Our Opinion: Fragile casino bubble


Imagine a scenario in which Atlantic City, New Jersey’s once thriving industries manufacturing phone booths, audiocassettes and electric typewriters began closing shop, victims of changing times and economic circumstances. Surely neighboring states like New York and Massachusetts would take note and abort their fledgling efforts to build their economies around the manufacture of phone booths, audiocassettes and electric typewriters.

This scenario is actually unfolding, except casinos are the industry in question, not the three above-mentioned anachronisms. Yet all logic, indeed common sense, are absent, as New York and Massachusetts continue to blissfully forge ahead with their various casino plans, evidently oblivious to the collapse of casinos in Atlantic City and the struggles of southeastern Connecticut’s casino giants.

Last week, Revel Entertainment announced that it would close its two-year old casino -- the casino that was going to save the Atlantic City casino industry -- next month after two years in operation. The casino never turned a profit and never found a buyer for pennies on the dollar after filing for Chapter 11 protection. This will bring to four the number of Atlantic City casinos to be closed this year, eliminating 8,000 jobs. Seven casinos remain in the city, but for how long?

Revenues at Foxwoods and Mohegan Sun in southeastern Connecticut peaked at $1.7 billion eight years ago and declined to $1.17 billion last year, according to a study by the University of Las Vegas, resulting in layoffs and cutbacks. The money being gambled is stagnant or worse while the market is becoming saturated throughout the nation and the Northeast.

The underlying theory behind casino mania in New York and Massachusetts is that the states must stop watching gambling dollars gravitate to casinos in neighboring states. The casino model only works if visitors are drawn in from other states, and if every state, indeed every section of every state, has a casino, then no one needs to go anywhere to gamble. Rather than draw in visitor dollars the casinos will simply cannibalize the locals, eliminating the benefits of casinos while maintaining the many negatives, such as crime and increased gambling addictions.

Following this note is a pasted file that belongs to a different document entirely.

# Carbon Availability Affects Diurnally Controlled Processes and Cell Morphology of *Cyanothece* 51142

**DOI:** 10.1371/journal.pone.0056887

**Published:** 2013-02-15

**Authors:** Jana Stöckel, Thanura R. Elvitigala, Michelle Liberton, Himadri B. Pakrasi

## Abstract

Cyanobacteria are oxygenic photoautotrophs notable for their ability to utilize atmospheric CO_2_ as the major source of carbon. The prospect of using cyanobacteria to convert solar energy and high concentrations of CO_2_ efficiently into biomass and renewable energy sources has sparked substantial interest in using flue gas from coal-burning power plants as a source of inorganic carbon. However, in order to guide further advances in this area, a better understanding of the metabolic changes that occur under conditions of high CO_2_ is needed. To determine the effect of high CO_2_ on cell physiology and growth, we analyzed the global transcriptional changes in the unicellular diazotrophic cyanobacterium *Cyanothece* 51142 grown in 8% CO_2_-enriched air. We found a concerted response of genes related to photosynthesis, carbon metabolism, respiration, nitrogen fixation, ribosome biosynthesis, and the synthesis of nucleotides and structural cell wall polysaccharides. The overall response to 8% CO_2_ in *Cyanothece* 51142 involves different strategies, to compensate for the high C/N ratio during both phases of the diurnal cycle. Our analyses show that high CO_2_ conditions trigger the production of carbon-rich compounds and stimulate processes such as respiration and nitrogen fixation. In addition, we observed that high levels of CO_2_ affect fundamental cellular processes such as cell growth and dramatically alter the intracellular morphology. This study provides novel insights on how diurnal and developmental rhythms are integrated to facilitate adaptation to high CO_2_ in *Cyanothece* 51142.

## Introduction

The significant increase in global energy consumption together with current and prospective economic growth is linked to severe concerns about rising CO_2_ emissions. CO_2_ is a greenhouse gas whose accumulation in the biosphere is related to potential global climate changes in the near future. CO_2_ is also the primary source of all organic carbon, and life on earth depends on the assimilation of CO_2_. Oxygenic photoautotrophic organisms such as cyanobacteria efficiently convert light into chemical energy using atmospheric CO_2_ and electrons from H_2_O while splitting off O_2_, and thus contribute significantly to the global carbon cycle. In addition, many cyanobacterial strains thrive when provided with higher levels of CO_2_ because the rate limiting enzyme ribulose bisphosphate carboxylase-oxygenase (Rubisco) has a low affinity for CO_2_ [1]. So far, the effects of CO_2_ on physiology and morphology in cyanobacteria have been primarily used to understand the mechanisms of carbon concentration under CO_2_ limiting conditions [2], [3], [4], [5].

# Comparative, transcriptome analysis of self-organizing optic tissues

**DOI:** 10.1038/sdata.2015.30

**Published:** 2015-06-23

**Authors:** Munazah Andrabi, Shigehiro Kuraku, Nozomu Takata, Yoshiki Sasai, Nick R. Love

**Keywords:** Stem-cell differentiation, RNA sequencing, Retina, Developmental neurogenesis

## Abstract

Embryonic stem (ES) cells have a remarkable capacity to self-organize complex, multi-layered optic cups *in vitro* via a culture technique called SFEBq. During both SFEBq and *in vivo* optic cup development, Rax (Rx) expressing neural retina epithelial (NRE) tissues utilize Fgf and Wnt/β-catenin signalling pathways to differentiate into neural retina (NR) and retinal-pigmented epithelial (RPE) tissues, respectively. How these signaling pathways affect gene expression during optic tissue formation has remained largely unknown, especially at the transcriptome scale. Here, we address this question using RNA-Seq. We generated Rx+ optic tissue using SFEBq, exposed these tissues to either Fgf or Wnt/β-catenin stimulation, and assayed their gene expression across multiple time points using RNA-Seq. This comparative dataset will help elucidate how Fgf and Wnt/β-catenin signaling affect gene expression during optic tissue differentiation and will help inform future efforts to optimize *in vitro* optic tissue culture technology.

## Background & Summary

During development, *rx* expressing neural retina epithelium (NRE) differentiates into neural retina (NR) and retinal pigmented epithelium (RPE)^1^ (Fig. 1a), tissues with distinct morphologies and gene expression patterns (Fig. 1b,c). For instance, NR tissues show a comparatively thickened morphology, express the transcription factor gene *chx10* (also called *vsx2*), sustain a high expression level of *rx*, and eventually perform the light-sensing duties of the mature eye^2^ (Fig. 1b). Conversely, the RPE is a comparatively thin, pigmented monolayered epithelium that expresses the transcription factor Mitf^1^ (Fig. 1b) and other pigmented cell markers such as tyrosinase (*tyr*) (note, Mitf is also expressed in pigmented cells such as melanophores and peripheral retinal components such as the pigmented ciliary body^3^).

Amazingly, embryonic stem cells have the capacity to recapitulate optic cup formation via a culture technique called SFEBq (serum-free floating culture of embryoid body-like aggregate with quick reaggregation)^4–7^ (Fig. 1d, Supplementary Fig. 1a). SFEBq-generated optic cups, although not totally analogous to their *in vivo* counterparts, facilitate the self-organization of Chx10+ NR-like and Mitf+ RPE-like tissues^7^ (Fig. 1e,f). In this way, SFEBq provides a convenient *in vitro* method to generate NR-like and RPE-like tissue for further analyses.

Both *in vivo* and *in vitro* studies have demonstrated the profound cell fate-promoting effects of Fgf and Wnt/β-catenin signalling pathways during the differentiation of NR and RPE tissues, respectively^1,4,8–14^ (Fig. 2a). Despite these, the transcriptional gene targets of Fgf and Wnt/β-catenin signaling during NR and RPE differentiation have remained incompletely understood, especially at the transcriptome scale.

According to a New York Times story August 10, more than half the population in the Northeast now lives within 25 miles of a casino, up from 10 percent only a decade ago. That chilling statistic alone should take the starch out of casino mania. Yet it hasn’t.

New York, which already has five Indian casinos and nine so-called "racinos" at racetracks, wants to add at least four more, with the communities of East Greenbush and Rensselear, each an hour or so from the Berkshires, said to be possible locations. Massachusetts continues to struggle through its lawsuit-riddled casino process, with nearby Springfield hoping to join MGM Resorts in building an $800 million casino along Route 91.

The casino referendum question on Election Day may end casino mania in the state, although overturning state law through the ballot box could set an unfortunate precedent while opening the state to lawsuits from casino companies. Springfield would be devastated.

There are no casino proposals for the Berkshires, but a casino in Springfield and/or casinos in neighboring New York state could have an impact on entertainment venues in the county. If built, of course, they could vanish as quickly as will Atlantic City’s state-of-the-art Revel.